The Turin Piedmont Film Commission has bought out LA based Endgame Entertainment’s 18 percent share in an ambitious film fund the two groups launched in tandem in 2007 under the name of Film Investment Piedmont (FIP).

Originally aimed to fund and produce high profile, commercial English-language projects, FIP is now 100 percent owner of the new, yet smaller fund, an FIP spokesperson told Screen Daily.

While it didn’t provide a reason for the buy out of Endgame’s share, the fund, kicked off in 2007 and modified in 2008, had never quite become operational.

Rules are yet to be defined but FIP will start out with Euros 4 million production fund. That is significantly down from the 2008 figure of Euros 14m announced in 2008. The first project announcements from the previous fund had been expected for spring 2010, but never came forth.

While the previous fund was set up to fund only English-language projects, the new one will not be exclusively tailored for English language productions but will now open its doors to Italian and European producers. The spokesperson told Screen Daily that projects could come “from anywhere… even Canada and America,” but that the difference is that the fund will not focus exclusively on these parts of the world.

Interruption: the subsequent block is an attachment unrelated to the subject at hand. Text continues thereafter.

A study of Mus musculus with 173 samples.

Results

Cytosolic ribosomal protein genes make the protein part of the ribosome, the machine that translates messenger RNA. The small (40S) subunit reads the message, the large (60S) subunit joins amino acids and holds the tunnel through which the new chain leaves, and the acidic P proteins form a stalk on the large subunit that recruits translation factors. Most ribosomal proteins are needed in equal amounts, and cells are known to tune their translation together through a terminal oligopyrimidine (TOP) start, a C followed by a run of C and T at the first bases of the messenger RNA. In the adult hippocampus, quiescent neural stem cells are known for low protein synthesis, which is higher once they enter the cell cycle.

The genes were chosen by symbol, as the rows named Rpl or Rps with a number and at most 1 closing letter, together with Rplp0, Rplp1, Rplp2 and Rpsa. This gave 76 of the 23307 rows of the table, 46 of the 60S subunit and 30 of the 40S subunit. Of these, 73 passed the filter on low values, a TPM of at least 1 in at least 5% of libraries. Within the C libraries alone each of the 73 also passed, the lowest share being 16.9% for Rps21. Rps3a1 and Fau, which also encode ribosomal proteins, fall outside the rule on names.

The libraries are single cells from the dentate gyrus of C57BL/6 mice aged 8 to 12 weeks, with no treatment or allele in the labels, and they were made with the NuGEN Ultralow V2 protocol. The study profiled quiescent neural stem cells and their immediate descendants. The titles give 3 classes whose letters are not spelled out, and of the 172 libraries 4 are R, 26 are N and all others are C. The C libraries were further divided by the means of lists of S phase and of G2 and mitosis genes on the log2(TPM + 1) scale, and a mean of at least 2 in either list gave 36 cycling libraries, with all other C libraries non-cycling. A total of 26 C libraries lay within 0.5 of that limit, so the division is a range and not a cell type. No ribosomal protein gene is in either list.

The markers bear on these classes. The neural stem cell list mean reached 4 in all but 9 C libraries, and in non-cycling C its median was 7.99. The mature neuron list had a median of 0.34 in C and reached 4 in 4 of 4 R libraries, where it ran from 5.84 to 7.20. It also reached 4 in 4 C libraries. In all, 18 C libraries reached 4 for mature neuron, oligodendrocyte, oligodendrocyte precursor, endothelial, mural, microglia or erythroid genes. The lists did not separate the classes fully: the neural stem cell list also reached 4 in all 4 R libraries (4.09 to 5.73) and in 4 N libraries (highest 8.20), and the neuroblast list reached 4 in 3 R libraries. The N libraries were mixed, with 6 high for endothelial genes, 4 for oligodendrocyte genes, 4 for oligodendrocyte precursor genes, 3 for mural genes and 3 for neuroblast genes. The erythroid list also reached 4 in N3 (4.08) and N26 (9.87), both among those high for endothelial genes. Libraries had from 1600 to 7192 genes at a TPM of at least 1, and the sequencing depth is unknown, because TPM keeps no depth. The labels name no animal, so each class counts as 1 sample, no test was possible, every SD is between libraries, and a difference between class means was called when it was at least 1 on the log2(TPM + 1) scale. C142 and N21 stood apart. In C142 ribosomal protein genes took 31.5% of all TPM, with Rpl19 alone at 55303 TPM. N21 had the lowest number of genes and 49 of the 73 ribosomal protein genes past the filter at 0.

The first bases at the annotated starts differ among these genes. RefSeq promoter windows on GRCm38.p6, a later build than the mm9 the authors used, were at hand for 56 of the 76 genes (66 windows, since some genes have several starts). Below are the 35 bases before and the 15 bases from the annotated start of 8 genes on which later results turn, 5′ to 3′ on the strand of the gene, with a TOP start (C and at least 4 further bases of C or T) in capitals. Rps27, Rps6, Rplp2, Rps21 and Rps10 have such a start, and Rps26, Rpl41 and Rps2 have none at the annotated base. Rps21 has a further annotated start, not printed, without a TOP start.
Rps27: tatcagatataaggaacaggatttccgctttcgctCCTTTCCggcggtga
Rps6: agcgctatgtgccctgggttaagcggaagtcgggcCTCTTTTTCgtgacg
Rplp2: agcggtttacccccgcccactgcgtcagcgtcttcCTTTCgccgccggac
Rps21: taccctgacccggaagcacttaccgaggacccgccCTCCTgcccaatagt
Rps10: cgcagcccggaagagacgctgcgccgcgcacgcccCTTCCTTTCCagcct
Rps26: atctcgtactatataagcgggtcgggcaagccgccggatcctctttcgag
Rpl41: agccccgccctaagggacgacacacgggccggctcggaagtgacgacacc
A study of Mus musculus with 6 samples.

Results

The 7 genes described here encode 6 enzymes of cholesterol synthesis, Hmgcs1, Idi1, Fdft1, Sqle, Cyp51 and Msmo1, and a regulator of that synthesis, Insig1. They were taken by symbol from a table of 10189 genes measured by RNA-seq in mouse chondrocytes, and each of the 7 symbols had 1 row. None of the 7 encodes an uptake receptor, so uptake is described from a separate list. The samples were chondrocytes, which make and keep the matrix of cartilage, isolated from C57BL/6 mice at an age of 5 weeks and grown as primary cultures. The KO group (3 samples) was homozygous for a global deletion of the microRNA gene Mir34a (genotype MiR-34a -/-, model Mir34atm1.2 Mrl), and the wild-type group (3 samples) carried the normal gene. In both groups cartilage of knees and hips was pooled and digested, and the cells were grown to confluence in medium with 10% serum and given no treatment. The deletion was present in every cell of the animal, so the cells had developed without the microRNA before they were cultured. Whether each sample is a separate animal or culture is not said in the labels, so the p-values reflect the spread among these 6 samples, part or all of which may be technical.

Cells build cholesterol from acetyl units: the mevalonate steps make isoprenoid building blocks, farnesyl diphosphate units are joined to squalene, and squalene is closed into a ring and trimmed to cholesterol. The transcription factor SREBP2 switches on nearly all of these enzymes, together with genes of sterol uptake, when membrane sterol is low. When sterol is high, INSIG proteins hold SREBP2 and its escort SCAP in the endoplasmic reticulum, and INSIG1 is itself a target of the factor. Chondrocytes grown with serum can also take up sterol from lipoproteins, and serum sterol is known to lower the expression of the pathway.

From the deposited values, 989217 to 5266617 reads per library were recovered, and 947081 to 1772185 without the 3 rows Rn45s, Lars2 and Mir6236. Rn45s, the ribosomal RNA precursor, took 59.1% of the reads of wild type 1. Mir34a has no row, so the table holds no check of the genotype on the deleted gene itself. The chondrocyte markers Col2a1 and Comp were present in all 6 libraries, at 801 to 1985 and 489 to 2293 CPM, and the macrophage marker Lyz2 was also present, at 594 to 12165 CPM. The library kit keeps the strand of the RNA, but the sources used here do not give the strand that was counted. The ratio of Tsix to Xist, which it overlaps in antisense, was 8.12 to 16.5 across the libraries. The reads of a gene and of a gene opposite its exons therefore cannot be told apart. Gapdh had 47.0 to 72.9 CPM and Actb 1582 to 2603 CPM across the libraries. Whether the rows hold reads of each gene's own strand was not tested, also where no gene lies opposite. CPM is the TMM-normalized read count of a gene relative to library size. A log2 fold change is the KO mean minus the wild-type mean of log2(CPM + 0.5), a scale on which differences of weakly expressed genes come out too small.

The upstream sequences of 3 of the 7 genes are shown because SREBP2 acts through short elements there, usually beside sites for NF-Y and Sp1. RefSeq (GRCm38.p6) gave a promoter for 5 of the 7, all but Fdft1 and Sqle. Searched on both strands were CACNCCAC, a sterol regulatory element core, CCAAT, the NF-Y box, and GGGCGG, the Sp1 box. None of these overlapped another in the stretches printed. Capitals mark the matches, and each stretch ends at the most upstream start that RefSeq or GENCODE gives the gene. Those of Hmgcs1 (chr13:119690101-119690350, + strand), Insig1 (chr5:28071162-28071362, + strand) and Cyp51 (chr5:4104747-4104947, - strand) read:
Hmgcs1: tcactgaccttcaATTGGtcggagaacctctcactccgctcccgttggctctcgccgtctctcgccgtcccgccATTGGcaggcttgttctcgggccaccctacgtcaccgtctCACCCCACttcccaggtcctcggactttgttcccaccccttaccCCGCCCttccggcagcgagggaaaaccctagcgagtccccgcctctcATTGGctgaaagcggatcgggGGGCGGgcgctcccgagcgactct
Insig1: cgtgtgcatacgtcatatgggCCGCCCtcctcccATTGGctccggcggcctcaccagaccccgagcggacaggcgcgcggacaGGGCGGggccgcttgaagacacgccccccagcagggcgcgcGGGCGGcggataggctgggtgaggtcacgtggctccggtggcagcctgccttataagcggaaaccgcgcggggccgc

Previously the fund was set up to provide for closing costs of films that had 75 percent of financing in place. Details for and access to the new fund’s format will be forth coming in July when the new board is expected to release rules.

FIP was likely able to buy out Endgame Entertainment’s share thanks to strong regional backing from the Turin Piedmont Region, which has always maintained a strong investment in the film industry and has the most developed film commission in Italy. Steve Della Casa, long time president of the Turin Piedmont Film Commission and an integral part of the launch of the original fund, will also over see FIP, the Turin Piedmont Film Commission spokesperson said. The region is one of the most prolific film making regions in Italy having hosted Paolo Sorrentino’s Il Divo, Marco Bellocchio’s Vincere, Dario Argento’s Giallo and Mario Martone’s We Believed, among other productions.